Budweiser Updated 3 of Its Cringingly Sexist Old Ads for Women's Day

Revisiting the embarrasing work of half-century ago

They've always made popular fodder for BuzzFeed-style lists—the now-shockingly sexist advertising from the 1950s and '60s.

For International Women's Day today, Budweiser has dredged up three of its own embarrassing ads from the Mad Men era, and cleverly updated them with a modern take. And it's placing the ads side by side—old and new—in today's issues of The New York Times, Chicago Tribune and Los Angeles Times.

In each of the vintage ads, the women is portrayed as little more than a servant to her husband—satisfying his needs, of which a Budweiser is always a part. The first ad, below, from 1956, sets the tone for all of them—that keeping her husband happy is central to the woman's own sense of self-worth.

In the updated version, there's no man to be found at all—just a woman and her girlfriends. "She's surrounded by those who embrace who she is, inside and out. And that's all she really needs," says the copy.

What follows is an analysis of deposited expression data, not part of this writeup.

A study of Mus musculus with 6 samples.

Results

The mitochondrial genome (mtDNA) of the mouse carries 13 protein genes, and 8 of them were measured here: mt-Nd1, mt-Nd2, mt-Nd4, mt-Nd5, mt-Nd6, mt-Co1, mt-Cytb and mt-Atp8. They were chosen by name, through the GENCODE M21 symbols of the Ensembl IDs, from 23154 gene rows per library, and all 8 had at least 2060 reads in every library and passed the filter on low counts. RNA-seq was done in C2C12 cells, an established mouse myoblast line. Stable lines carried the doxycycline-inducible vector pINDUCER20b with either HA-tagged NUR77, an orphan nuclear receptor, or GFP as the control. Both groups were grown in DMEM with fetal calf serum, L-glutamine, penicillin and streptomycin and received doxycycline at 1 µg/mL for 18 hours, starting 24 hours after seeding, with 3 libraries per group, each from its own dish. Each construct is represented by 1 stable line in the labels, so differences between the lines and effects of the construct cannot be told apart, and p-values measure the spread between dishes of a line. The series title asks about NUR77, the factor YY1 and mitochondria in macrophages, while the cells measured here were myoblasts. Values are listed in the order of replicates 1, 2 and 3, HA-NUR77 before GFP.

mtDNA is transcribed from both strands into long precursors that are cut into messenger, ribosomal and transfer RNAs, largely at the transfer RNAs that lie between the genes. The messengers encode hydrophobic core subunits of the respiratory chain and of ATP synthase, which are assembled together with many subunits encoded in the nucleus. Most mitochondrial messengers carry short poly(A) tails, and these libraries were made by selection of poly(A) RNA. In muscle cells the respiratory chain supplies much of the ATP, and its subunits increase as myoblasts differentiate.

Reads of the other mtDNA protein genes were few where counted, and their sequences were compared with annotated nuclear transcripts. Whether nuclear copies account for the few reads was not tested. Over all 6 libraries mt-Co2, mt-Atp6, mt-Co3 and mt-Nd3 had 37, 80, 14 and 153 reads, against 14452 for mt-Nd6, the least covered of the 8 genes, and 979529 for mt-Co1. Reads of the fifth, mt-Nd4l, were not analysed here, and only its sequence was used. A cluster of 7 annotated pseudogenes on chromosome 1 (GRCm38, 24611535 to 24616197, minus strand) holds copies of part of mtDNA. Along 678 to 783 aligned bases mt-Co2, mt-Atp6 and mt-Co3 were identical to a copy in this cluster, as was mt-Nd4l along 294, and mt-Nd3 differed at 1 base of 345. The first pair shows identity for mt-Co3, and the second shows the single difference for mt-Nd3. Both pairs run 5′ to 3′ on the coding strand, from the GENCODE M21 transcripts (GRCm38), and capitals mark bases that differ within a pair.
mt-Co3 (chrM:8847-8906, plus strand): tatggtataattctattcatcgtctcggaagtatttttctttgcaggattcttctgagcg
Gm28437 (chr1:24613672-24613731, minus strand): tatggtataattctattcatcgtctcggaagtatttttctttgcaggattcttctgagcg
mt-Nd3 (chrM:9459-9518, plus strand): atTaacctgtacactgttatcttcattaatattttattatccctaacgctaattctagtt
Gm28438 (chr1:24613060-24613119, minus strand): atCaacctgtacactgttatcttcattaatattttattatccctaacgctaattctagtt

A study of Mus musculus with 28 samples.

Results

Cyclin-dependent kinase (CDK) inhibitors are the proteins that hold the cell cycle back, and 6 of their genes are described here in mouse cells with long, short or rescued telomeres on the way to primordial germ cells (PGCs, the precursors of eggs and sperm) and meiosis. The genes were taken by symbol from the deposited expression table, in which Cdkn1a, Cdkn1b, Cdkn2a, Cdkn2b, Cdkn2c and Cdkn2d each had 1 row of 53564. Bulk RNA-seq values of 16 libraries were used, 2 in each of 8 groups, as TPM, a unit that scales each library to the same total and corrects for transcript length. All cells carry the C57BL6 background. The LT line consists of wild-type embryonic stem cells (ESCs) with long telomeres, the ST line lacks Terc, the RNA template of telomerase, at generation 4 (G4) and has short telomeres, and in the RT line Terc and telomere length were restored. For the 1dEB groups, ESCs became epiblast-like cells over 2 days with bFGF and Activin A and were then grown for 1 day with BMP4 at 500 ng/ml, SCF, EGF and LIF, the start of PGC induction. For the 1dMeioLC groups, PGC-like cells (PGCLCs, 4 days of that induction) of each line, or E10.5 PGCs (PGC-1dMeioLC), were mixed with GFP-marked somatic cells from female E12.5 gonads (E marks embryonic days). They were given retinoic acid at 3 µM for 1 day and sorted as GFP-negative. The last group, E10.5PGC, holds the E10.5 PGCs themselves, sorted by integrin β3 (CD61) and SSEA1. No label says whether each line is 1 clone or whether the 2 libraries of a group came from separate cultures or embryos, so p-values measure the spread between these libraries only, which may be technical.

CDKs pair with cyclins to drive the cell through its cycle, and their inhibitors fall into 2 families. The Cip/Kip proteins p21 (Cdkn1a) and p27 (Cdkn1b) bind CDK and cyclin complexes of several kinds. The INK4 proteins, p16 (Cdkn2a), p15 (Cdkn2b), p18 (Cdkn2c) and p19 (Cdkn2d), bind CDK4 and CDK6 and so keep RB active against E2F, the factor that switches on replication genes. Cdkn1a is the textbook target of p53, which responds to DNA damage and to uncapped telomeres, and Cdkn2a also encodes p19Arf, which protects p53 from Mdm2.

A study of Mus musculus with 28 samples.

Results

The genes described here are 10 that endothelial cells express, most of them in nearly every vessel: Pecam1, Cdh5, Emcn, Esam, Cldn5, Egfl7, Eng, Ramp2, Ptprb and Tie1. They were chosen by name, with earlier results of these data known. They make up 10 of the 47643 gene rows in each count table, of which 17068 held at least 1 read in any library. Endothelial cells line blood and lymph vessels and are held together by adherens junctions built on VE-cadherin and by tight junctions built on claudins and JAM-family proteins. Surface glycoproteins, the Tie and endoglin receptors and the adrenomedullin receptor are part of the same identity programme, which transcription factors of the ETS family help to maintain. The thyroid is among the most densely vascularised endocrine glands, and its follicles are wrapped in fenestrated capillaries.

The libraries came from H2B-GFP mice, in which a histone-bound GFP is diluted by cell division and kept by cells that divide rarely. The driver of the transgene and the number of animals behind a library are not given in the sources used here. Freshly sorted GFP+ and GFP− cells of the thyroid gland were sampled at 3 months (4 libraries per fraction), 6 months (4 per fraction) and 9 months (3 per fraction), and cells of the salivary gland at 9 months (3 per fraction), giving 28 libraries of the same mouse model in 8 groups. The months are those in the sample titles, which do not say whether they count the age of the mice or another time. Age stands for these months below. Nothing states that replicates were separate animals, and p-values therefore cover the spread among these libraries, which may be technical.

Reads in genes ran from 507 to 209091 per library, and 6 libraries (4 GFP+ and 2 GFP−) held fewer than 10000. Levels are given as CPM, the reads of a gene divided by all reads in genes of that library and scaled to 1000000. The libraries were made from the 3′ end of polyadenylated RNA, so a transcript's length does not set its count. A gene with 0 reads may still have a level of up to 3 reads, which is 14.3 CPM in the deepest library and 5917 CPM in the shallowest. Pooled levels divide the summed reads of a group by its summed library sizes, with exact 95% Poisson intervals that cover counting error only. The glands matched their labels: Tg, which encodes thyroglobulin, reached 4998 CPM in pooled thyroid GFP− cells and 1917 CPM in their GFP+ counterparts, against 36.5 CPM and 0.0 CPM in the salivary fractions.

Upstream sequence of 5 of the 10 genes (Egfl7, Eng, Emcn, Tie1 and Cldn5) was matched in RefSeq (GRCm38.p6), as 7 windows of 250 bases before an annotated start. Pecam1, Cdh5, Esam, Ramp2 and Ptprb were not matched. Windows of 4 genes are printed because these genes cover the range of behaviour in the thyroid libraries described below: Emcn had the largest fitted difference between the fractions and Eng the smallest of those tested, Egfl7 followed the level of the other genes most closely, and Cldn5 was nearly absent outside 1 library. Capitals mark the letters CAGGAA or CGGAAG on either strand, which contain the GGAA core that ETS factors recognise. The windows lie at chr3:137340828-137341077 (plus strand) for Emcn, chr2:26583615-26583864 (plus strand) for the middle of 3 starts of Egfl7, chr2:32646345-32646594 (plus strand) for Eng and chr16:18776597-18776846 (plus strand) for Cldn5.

Extra text at the bottom of the new version announces Bud's new partnership with #SeeHer, an organization devoted to "the accurate portrayal of women in media and advertising."

VaynerMedia created the campaign for Bud. It's not a new idea—in fact, a Brazilian brewer Skol did almost the exact same thing in 2017. Like Skol, Bud also hired women illustrators to create the new versions. Still, knockoff or not, it's still a brave move to show your old sexist work to the world—and admirable to commit to keep improving. 

Check out the other two pairs of ads below. 

Tim Nudd is editor in chief of the Clio Awards and the founding editor of Muse by Clio.